A stye is a small, painful lump that appears on the eyelid, a bit like a spot or pimple. However, this stye can sometimes grow to become a sizeable lump, causing discomfort and pain. They can occur on the inside of the eyelid (internal stye), which tends to be more painful, or they can occur on the outside, normally along the edge of the eyelid. They can occur on both the upper and lower eyelids.
Styes result from an infection or inflammation of a skin gland or hair follicle, usually caused by staphylococcus bacteria. The exact cause is different for internal and external styes.
- External styes tend to be caused by an infection of the eyelash follicle, sebaceous gland (a gland that produces oil, or sebum) or an apocrine gland (a gland that produces sweat)
- Internal styes tend to be caused by an infected meibomian gland – a gland that produces a different oily substance.
In some cases, styes can result from a condition called blepharitis, which is also caused by an infection and can, in some cases, be chronic. Styes can also occur as a result of poor makeup hygiene.
There are a number of secondary symptoms that may accompany a stye, including:
- Watery eye – the stye can irritate the eye, causing it to try and flush out the irritant by producing excess tears
- Itchy, irritated eye – the eye may feel itchy and irritated, and it may feel as though there is something stuck in it, especially when you blink
- Swollen eye – sometimes the area around the stye can begin to swell, and sometimes the whole eyelid may become puffy and swollen.
Styes usually resolve themselves without the need for treatment. This process can be helped along with a number of natural remedies:
- Apply a warm compress – soak a flannel in warm (not hot) water and place over the eye for five to ten minutes. The warmth of the compress will soothe irritation and encourage the stye to drain, which helps it to heal faster
- Keep the affected eye clean by removing any dirt or discharge
- If your stye is painful, you can use over-the-counter painkillers such as paracetamol or ibuprofen
- Avoid using eye makeup while you have a stye – this will slow down the healing process, and may infect your makeup, making it unsafe for further use.
It is vital that you do not try to burst the stye yourself, as this could cause more damage or further infection.
There are a number of things you can do to prevent a stye appearing in the first place. If you suffer from recurring styes, these tips may be particularly useful.
- Keep your eyes clean – this means washing your face regularly with mild soap such as baby soap, and wiping off makeup before you go to bed. A gentle rubbing action will help lift debris from the eyelids. You should take particular care to keep the base of your eyelids clean, as this is where styes tend to occur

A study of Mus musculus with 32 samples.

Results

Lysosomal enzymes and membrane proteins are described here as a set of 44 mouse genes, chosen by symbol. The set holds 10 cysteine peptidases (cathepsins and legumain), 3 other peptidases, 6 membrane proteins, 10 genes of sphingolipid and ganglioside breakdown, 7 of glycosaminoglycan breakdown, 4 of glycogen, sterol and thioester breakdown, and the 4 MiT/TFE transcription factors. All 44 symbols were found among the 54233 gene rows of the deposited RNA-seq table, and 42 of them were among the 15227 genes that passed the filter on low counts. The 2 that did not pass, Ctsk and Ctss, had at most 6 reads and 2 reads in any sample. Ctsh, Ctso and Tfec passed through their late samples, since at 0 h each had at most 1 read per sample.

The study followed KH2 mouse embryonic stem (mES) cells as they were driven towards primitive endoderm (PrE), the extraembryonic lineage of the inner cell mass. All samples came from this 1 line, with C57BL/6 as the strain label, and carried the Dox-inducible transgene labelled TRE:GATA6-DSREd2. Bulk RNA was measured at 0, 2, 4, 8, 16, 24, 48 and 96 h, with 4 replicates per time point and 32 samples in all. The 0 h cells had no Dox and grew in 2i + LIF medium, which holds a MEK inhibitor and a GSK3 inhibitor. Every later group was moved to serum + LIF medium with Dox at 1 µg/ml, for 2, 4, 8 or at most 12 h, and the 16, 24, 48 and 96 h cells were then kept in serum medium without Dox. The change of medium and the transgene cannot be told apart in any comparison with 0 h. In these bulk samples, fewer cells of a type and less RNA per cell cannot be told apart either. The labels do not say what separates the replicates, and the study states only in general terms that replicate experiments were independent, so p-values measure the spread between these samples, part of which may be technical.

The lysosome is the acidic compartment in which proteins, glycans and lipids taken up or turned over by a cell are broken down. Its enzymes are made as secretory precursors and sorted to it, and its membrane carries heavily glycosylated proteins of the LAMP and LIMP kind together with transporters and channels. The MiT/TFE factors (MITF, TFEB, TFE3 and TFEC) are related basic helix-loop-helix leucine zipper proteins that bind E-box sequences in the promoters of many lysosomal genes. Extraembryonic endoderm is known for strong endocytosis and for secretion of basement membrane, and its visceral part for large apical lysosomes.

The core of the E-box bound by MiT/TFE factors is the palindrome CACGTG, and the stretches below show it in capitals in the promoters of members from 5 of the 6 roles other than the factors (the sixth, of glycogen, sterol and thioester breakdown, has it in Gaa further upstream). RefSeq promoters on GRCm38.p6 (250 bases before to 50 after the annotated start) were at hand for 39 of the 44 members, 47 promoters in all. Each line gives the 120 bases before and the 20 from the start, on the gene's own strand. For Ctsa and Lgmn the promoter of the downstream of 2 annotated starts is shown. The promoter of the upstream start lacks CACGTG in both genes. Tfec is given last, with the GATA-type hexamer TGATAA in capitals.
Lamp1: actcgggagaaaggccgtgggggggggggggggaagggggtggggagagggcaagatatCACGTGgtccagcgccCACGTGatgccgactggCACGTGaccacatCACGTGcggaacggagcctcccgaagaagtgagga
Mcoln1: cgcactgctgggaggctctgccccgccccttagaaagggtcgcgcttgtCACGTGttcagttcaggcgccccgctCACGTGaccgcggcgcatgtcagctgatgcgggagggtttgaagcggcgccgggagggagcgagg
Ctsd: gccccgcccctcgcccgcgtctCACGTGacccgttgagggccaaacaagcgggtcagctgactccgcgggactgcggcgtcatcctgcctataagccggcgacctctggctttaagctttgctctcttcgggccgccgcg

- Use eye drops – the use of eye drops can help clear dirt and debris out of your eye, preventing bacteria from building up
- Apply a warm compress if certain sections of your eyelashes feel tender – this could be an indication of a developing stye
- While you should always avoid touching the eye or eye area, if you have to do so, for example if inserting or removing contact lenses, make sure you wash your hands before and after doing so
- Follow our tips for better makeup hygiene, which will help stop infection finding its way into the eye.
Euphrasia is a herb that has been used to treat eye problems since the 14th century. It is also known as Eyebright because of its traditional uses in eye health. We recommend Euphrasia in eye drop form, such as A.Vogel’s Eye Drops, which will help to clean out any unwanted discharge, dirt and bacteria, but will also promote general good eye health.
You may also want to consider our Vision Complex, containing, among other things, lutein and zinc which are essential for promoting good eye health and vision.
Generally, styes don’t require much treatment; they usually disappear on their own, or with some simple natural remedies. In some cases, for example if your stye is not improving after a week or two, your GP may decide to drain it. If symptoms are getting worse, your GP may prescribe antibiotics to help your body fight off the infection.